Two fascinating projects from struggling Detroit behemoth GM (and neither of the connected to the Volt): The first, a collaboration with NASA to build a next-gen robot suited both to car factories and space stations; the second, a concept for a new type of supplementary engine that would transform a car's waste heat into usable energy. Whoa.
Robonaut 2 represents a sequel to a NASA/DARPA project from 10 years ago, and was begun three years ago. In both cases, the idea was to create humanoid robots that will work alongside humans on earth and in space. The difference now is that advances in robotics now make it possible to create robots with far more dexterity—and thus able to take on more work, and adapt to more situations. Moreover, a robot could perform tasks either too tedious or straining for a human worker to do for a long period of time. Watch this video showing some amazing hand movement in the robot:
The second innovation is aimed at scavenging a car's wasted energy—which is an enormous problem: Just 30% of the gas burned by a car goes to actually propelling it. The rest is lost as waste heat, through the tail pipe and elsewhere.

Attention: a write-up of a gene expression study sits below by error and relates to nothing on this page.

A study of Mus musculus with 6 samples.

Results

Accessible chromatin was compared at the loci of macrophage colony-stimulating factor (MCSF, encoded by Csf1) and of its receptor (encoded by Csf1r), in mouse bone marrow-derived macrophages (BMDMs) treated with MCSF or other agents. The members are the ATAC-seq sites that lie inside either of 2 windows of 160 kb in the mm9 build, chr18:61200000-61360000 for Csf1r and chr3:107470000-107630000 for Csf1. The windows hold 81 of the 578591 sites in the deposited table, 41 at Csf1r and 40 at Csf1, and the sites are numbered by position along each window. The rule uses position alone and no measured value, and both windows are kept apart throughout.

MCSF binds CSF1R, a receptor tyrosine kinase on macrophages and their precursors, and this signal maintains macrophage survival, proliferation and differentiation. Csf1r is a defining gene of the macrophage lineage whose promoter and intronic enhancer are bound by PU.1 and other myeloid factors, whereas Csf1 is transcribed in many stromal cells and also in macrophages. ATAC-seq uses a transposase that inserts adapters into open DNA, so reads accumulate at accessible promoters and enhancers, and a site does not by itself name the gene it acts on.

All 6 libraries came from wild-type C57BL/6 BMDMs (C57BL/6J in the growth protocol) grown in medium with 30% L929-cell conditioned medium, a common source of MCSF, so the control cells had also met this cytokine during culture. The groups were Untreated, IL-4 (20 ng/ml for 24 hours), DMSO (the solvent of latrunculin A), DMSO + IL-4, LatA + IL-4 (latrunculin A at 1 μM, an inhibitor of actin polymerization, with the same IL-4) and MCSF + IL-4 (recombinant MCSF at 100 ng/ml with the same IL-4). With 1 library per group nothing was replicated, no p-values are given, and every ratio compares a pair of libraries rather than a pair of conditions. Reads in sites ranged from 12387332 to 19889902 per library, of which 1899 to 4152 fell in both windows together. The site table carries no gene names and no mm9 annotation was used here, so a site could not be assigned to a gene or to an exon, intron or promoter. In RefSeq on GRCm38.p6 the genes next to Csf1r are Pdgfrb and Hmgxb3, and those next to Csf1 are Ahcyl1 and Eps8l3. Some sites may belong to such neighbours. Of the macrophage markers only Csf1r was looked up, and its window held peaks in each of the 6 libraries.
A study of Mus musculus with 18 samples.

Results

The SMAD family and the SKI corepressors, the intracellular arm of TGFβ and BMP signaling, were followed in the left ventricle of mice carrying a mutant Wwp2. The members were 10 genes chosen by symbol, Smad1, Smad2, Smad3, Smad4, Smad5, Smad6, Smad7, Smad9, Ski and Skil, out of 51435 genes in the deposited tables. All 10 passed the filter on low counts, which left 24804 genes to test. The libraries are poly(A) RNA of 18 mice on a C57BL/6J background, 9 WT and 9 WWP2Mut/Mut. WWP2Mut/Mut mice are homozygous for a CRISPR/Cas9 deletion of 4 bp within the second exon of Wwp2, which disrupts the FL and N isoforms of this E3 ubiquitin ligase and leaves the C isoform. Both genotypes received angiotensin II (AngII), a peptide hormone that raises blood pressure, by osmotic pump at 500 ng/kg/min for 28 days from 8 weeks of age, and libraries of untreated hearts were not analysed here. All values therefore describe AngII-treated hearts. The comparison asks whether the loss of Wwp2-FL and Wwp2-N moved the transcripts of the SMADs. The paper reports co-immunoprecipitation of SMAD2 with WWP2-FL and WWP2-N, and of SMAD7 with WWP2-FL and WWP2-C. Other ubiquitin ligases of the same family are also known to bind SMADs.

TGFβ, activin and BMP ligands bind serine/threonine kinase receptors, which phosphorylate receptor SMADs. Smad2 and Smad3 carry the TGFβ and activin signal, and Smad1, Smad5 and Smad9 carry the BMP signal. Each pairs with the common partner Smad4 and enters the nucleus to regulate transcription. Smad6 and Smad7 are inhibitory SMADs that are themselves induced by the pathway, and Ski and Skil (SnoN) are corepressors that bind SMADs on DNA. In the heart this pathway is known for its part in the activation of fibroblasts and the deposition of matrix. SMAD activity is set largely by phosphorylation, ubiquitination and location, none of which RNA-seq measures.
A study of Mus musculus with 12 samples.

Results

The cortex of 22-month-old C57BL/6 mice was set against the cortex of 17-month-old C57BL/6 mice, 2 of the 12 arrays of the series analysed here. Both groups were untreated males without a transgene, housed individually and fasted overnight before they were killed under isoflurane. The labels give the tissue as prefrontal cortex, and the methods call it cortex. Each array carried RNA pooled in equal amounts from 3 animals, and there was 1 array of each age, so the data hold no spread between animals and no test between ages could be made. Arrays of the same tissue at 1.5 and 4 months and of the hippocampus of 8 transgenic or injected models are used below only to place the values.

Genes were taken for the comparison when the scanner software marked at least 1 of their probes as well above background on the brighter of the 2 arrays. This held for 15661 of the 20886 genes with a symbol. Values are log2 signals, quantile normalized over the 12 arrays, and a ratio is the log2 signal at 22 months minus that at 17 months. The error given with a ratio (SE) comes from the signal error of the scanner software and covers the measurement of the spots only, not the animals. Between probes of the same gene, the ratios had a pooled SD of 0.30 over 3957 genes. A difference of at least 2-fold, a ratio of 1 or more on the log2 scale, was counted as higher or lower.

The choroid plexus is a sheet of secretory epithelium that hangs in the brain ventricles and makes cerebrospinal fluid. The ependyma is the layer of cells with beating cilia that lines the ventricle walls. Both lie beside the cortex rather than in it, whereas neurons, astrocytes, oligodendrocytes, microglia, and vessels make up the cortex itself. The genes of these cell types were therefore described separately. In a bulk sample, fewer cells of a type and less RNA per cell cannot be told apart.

The solution that GM is working on involves shape-memory alloy, a type of metal that can be shaped when cool but returns to its original shape when heated. The idea is that stringing some SMA between cool and hot elements, it'll cycle through them like a miniature drive belt. As Popular Mechanics explains:
Imagine a pack of cigars wrapped around the exhaust pipe, and you have a good idea of what the proposed generator will look like. The "cigars" are actually tubular pulleys arranged in two sets. The hot set is next to the pipe, while the cold one is offset and cooled by fresh air. The SMA wire coils around the pulleys. As the material expands and contracts, it causes the pulleys to spin, which drives a generator. GM is working with California-based Dynalloy, a company that recently developed a process to produce a nickel-titanium SMA capable of repeating millions of heat/cool cycles. "Now we can get the material in large quantities and with predictable shape-changing characteristics," Aase says.
The tail-pipe generator would save fuel by powering the cars electronics, and it could be applicable almost anywhere there's waste heat—from smokestacks to furnaces. GM expects to have a prototype ready later this year.